Investment property as a way to achieve financial freedom looks great on paper. But how does investment property work in the real world?
The goal when people invest in properties is usually to make money and there are three different ways of doing that:
- Positive Cash Flow–The income coming from a property is greater than the expenses resulting in a surplus of cash every cycle (whether it’s weekly, monthly, yearly, etc.).
- Capital Growth–A property goes up in value and the growth results in a profit.
- Tax Advantages–This could be done through a process like depreciation where you earn a high income, pay a high tax and make an on-paper loss on your property to where you can get some tax back. You are not making a profit on the property but the offset of the tax benefit can make it profitable overall.
When you are investing in the real world it is important to know that the first property is usually going to be the hardest property that you purchase because there is so much to learn such as:
- Lending (and its criteria)
- Types of loans
- Researching areas
- Types of properties
- Investment strategies
The list goes on. That’s often why investing in the first property is the hardest for a lot of people. There is a lot of fear that’s going to hold you back because there is so much to learn and your first time is mostly taking a stab in the dark.
When you invest in a property and you’re negatively geared you feel the pinch right away. A negatively geared property means you are paying more in expenses than you’re getting back from income. Investing is meant to be a way to create a better lifestyle for ourselves but if your property is negatively geared then it’s going to be harder for you to do that.
If your property is positively geared then it pays for itself. However you would most likely need to use that excess money to save up a “kiddy” which is for miscellaneous expenses or unforeseen situations like repairs. So for positive cash flow properties you’re not going to see a big benefit because the extra money has to be put towards other expenses like your mortgage or saving up for another property.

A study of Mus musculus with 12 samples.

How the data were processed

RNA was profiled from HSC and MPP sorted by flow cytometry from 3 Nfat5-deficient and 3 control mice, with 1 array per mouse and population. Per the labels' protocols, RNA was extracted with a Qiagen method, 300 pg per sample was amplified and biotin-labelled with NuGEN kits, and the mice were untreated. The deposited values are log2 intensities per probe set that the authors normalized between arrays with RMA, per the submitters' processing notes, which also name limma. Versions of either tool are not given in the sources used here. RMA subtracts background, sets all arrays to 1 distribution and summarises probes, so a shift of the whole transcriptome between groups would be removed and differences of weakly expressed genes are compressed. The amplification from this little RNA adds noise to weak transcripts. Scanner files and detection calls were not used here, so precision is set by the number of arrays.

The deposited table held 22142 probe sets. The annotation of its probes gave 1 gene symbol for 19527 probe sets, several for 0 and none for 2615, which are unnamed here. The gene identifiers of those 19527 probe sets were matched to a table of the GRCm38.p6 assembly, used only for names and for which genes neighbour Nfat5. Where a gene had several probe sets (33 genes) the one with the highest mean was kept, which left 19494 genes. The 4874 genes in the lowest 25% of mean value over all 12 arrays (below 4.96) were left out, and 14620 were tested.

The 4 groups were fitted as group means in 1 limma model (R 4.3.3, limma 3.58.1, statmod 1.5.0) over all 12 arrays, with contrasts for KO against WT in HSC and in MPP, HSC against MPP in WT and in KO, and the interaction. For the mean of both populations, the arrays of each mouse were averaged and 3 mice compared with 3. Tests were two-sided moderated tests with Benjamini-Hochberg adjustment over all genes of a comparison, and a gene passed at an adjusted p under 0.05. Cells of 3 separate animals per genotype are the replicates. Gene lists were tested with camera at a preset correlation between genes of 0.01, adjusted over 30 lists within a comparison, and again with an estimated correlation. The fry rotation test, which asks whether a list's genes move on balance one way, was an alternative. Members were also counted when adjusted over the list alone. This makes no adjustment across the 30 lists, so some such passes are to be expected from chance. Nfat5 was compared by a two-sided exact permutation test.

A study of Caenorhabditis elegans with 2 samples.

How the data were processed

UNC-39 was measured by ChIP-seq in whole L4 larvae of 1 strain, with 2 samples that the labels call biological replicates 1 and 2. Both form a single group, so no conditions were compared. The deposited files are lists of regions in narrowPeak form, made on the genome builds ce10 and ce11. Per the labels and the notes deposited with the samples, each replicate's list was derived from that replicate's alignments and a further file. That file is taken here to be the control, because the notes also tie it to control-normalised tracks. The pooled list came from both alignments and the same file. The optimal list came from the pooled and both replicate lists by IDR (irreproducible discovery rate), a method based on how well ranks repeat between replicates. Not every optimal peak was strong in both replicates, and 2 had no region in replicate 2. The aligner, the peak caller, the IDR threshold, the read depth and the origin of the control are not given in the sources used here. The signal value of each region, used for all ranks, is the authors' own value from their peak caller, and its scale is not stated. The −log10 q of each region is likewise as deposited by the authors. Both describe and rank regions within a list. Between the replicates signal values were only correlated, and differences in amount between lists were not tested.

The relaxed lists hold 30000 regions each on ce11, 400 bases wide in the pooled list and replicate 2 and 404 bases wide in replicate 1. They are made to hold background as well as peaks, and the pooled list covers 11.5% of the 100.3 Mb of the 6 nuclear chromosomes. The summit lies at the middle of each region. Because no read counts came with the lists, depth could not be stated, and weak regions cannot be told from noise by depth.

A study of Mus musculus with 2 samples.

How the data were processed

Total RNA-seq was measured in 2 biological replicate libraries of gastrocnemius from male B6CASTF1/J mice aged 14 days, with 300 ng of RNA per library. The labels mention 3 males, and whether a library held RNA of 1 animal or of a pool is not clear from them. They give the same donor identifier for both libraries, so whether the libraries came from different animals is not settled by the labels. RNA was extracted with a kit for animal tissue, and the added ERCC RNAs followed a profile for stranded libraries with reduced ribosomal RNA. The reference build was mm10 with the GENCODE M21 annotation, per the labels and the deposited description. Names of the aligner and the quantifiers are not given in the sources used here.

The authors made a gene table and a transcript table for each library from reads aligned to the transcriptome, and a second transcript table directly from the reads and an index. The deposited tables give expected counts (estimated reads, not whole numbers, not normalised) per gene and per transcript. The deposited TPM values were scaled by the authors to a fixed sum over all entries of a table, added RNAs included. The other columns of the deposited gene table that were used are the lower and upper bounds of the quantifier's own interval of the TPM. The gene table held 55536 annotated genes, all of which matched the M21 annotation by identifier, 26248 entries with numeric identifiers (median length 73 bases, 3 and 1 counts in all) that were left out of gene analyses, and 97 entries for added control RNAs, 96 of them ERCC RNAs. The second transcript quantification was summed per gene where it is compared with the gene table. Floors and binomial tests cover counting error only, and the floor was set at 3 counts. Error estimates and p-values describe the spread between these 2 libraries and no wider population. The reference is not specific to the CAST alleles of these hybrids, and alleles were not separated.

Even after purchasing your first property it’s not all downhill from there. Most people know that owning just one property isn’t enough. Eventually you’re going to start saving another deposit for your next property or take out an equity loan (once your first property increases in value) if you don’t save a deposit (which will put you in more debt). From there your expenses mount so you have to take many factors into account like paying for the property when there are no tenants.
Depending on how much you invest you could feel a lot of stress but I’m confident that you’re going to find some way to do it. When we put ourselves in a situation where we can either sink or swim, most of us are going to find a way to swim and survive tough situations so that we can make a property investment work and help us achieve financial freedom.
From what I’ve seen and read about investing in property people try to find a method that works and repeat it whether it’s investing in negative/positive cash flow properties or developing properties. One of the great things about property is that there are so many different ways to invest and still be successful. But for everyone I’ve spoken to they tend to fumble around in the dark for a few years before they find a method that works. Once they find that method they repeat the process over and over to generate profit in a similar way. Every property deal they do gets better and they learn the ins and outs.
Remember though that property is not a one size fits all. A method that works for one person may not work for you. So like many other people you have to fumble around in the dark for a while before you find your path to success.
I think how investment properties work in the real world is that its hard to get into your first property but if you’re dedicated and keep learning you’ll find a method that brings you financial success.
Until tomorrow remember that your long term success is only achieved one day at a time.